TAMPA — City Hall on Thursday unveiled a $1 million partnership with the nonprofit Cal Ripken Sr. Foundation to create a synthetic-turf youth baseball field in Sulphur Springs.
The city has pledged $500,000 toward the new field at Springhill Park Community Center south of Busch Boulevard, with the other half coming from the foundation.
Established by Hall of Famer Cal Ripken Jr.'s family, the organization has built 34 youth development parks in poor neighborhoods. "These kids do not have a safe place to play outside in neighborhood after neighborhood across the country," foundation president Steve Salem said.
But "when you bring the right group of people together, no matter where you are, it can really change the trajectory of their lives," he said. "We set out to build the nicest park these kids are ever going to have the opportunity to play on, regardless of where they go in life."
The foundation's newest field is in Hartford, Conn., but its first was in Baltimore, where the parks director was Greg Bayor. He brought the idea to Tampa when Mayor Bob Buckhorn hired him as the city's parks and recreation director in 2012.
"He has harangued me for three years," Buckhorn said. "I kept telling him, 'No, we don't have the money. No, we don't have the money.' Finally, I said, 'Greg, I think we've got the money.' "
The foundation plans to begin what it hopes will be a three- to six-month campaign in Tampa to raise its $500,000 contribution to the project.
"If we don't raise it, we're going to contribute it out of our operating resources," Salem said.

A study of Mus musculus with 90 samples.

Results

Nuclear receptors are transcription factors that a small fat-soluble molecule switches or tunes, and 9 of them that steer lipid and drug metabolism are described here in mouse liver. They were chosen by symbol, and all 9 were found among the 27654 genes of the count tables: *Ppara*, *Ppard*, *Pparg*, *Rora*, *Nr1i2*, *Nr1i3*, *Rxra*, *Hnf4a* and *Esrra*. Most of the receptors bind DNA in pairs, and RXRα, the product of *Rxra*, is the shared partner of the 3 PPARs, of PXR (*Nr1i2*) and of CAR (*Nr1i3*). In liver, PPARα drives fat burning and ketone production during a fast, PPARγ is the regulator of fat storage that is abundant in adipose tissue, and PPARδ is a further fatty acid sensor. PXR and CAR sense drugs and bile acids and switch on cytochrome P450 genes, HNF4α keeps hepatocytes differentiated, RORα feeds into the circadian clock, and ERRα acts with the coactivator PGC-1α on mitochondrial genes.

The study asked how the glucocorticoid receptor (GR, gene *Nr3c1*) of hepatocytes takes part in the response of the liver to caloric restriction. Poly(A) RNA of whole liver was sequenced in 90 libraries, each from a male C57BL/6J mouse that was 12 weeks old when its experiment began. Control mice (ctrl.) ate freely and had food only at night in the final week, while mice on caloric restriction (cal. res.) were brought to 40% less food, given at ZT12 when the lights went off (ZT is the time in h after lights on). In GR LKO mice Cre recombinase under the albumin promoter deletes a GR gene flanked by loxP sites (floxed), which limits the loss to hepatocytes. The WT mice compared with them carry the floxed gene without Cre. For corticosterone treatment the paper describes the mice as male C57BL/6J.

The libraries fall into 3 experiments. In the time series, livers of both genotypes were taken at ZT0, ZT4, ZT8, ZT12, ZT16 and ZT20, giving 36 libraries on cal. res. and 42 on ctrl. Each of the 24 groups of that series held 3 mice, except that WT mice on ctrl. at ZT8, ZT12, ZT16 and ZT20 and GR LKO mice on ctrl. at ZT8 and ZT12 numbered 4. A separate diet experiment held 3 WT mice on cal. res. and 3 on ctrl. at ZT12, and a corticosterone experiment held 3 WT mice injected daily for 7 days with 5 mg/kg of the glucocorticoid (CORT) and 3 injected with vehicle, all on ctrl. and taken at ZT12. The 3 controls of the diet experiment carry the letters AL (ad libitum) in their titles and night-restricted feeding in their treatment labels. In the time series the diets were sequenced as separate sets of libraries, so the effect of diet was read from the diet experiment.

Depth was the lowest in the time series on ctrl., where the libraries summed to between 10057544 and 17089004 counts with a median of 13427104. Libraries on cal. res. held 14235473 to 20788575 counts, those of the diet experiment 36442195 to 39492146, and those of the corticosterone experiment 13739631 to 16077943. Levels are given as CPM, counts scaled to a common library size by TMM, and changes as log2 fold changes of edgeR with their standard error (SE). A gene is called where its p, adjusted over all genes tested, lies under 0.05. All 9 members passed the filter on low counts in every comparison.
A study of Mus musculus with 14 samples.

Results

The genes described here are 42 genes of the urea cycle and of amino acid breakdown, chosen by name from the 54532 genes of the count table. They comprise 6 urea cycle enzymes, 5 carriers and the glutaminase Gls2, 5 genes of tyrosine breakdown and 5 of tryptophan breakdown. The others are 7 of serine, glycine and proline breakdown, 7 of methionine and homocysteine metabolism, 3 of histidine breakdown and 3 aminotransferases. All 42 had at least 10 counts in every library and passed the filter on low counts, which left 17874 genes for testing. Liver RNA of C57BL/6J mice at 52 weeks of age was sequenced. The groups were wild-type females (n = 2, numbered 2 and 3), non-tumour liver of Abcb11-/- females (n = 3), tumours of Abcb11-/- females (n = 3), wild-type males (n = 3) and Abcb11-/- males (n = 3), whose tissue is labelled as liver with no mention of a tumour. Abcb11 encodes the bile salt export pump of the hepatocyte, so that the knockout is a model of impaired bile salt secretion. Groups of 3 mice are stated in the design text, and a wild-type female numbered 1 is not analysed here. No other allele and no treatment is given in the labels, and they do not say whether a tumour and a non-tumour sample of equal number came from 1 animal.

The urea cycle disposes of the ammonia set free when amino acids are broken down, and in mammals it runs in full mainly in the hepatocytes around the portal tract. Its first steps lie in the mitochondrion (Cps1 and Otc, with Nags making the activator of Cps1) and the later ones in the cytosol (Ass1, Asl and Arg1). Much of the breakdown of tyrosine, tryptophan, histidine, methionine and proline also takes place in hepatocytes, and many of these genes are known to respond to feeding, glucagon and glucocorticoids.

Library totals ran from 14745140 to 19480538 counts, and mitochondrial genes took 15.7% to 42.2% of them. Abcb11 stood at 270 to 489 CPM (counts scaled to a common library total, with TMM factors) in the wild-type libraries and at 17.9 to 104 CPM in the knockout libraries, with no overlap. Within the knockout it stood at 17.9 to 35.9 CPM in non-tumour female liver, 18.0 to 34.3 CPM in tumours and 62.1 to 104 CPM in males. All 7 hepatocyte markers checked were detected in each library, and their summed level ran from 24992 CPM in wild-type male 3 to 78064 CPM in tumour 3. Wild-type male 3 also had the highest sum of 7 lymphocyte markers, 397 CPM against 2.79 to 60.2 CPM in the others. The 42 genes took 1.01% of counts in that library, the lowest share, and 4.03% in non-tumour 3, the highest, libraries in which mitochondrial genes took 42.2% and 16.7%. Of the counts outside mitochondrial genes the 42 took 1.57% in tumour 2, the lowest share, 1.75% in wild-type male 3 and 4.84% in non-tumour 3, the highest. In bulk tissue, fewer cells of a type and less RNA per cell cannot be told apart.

It aims to begin construction in March so the new field can be ready by the summer. In addition to the new turf, the field will have new dugouts, a relocated scoreboard and bleachers.
Once it's open, the foundation says it will stay involved with clinics and character education programs, including "Badges for Baseball," which teams law enforcement mentors with at-risk youngsters.
For Tampa, the field will bring one more asset to a neighborhood that Buckhorn said was "teetering on the precipice."
In the past several years, the city has bulldozed dozens of vacant, abandoned houses in Sulphur Springs and hired contractors to build new homes on the empty lots. It also has added police patrols, code enforcement officers, trash pickup sweeps and new streetlights.
But Buckhorn said what Sulphur Springs still needs is opportunities for kids.
"This will be one more place that the young people who live here in Sulphur Springs will have to come to with adult supervision, with good role models, away from the dangers of the streets, away from the drug dealers, away from the broken homes," he said. "They can come here and be little kids and learn the value of athletics."